Open-water Sauger Bonanza

Here we are once again in the month of January of another new year. While many anglers that love to fish our Midwest river systems are sitting at home waiting for warmers temps so that they can get out and try their hand at catching some fish, there is a hardy breed of anglers enjoying some great fishing right now.

I am going to concentrate on the great sauger fishing going on right now on the Mississippi River. Keep in mind that the other major rivers here that contain these tasty fish are also experiencing a good bite. For those savvy anglers not afraid to dress warm and endure the chill, some truly wonderful sauger fishing can be enjoyed.

Here on my home river, the Mississippi, fishing in the open areas of the tailwaters below the dams can be some of the fastest, most rewarding fishing of the year. When these tasty saugers congregate in great numbers below the dams, anglers can reap the benefits.

One thing I want you folks to note is the methods. They can be used on other river systems with equally good success. So with that said, let’s go catch some saugers.

When it comes to just what tactics to use, I find that there are many that will work for you. But for overall success, nothing beats a nice big minnow. In the winter, I like to use large minnows. If I can find them in the 3-inch range I use them. Also, if I can find Shiner minnows I prefer them to the fatheads that most bait shops carry. You will find that without a doubt, shiners will catch more and larger saugers for you during this time of the year.

When fishing these minnows there are two rigs I will use exclusively. The first, I call the DJR or Double Jig Rig, consists of a three-way swivel with either a 1/2- or 3/4-ounce lead head jig replacing the standard dropper weight. A lively minnow is nose-hooked and attached to this and kept in contact with the bottom. Off the other eye, I run a 3-foot leader with a floating jig head and attach a minnow. By fishing this double jig rig I am giving the fish two different looks. The most effective way to fish this rig is to slowly back-troll upstream, making sure the lead head is making bottom contact. Try and keep your line as vertical as possible for best bait control. If the current warrants, you may have to increase the weight of your dropper jig.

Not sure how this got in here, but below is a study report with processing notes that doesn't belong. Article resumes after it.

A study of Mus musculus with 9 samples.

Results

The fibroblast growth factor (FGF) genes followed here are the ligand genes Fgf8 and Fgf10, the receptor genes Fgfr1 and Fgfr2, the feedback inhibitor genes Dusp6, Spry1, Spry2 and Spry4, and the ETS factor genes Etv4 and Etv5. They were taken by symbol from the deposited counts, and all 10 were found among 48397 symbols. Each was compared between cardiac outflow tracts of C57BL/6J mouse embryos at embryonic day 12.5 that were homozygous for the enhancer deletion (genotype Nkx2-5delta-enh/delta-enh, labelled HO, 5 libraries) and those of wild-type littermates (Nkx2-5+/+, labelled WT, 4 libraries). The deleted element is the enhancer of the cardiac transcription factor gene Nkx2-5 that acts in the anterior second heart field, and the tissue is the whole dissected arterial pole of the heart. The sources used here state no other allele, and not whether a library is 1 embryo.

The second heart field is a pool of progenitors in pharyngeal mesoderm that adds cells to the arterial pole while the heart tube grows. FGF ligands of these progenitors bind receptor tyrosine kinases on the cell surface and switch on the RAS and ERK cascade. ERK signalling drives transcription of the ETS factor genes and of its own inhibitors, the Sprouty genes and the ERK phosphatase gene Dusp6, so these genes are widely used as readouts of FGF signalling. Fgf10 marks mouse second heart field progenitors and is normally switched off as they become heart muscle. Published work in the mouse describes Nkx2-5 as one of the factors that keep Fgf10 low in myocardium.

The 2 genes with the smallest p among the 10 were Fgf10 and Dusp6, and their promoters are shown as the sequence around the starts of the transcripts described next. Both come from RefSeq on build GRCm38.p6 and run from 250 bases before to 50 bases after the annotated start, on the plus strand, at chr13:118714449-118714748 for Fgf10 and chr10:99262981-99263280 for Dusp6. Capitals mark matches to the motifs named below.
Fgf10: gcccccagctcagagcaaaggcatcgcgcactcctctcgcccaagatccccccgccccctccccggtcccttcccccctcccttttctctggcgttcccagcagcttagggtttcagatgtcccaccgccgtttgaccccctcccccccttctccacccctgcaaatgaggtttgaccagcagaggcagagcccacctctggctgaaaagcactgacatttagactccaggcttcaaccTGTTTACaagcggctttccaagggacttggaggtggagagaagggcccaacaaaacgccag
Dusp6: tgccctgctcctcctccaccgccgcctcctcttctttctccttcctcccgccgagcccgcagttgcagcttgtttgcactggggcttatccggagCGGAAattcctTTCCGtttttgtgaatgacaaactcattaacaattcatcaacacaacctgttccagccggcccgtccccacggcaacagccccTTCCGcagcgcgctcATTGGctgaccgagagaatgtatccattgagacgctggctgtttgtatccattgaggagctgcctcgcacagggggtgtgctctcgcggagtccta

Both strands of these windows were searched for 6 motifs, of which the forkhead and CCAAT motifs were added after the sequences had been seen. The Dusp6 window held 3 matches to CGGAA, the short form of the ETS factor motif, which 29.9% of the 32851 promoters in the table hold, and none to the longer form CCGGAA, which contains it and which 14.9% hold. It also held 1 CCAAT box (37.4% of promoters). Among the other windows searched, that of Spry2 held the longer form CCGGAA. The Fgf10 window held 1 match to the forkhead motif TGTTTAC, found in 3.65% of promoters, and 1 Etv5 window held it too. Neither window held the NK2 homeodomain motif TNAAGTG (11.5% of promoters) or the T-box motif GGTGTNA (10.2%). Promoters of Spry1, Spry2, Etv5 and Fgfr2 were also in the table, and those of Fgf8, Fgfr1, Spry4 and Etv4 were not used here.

Another very effective method is to vertical jig a plain jig and minnow combination over structure. Simply slow-troll or slip with the current using a very slow lift and fall motion of a foot or so. Again, it is important you keep contact with the bottom. Watch your line as you let your lure fall. Try and follow it down, keeping as tight a line as possible since you will find that 99 percent of your hits will come on the fall, so learn to control your line.

A little trick that works well during the winter season is to bulk up your jig by adding some type of plastic tail. I have found that 3-inch twister-type tails work well for this. As for colors, white, yellow and chartreuse seem to work the best. Also, on occasion, black can be very deadly.

Work these rigs near obvious current break areas that drop off into the main river channel. Saugers will hold on these break areas in good numbers this time of the year.

One last presentation that will take some extra fish for you is to simply hang a lively minnow over the side on a deadstick rod. The rocking action of your boat will provide all the movement you need. Make sure you have the bait near the bottom and also keep the rod secure to keep it from being pulled over when the fish hits.

Now I know that there are other methods that will take saugers in the winter, but for overall success this time of the year, the rigs I’ve mentioned this month are hard to beat.

It may be a little chilly outside, but I guarantee you will warm up quickly when you get into the great January sauger bite going on in a river near you where these tasty fish thrive. So with that said, dress warm and get out and make some early-season river memories. You’ll be glad you did.

 

E-mail your outdoors questions to Mike Cyze at: [email protected] You can also check out his blog at: lastcastoutdoors.com or listen to him on ESPN Radio.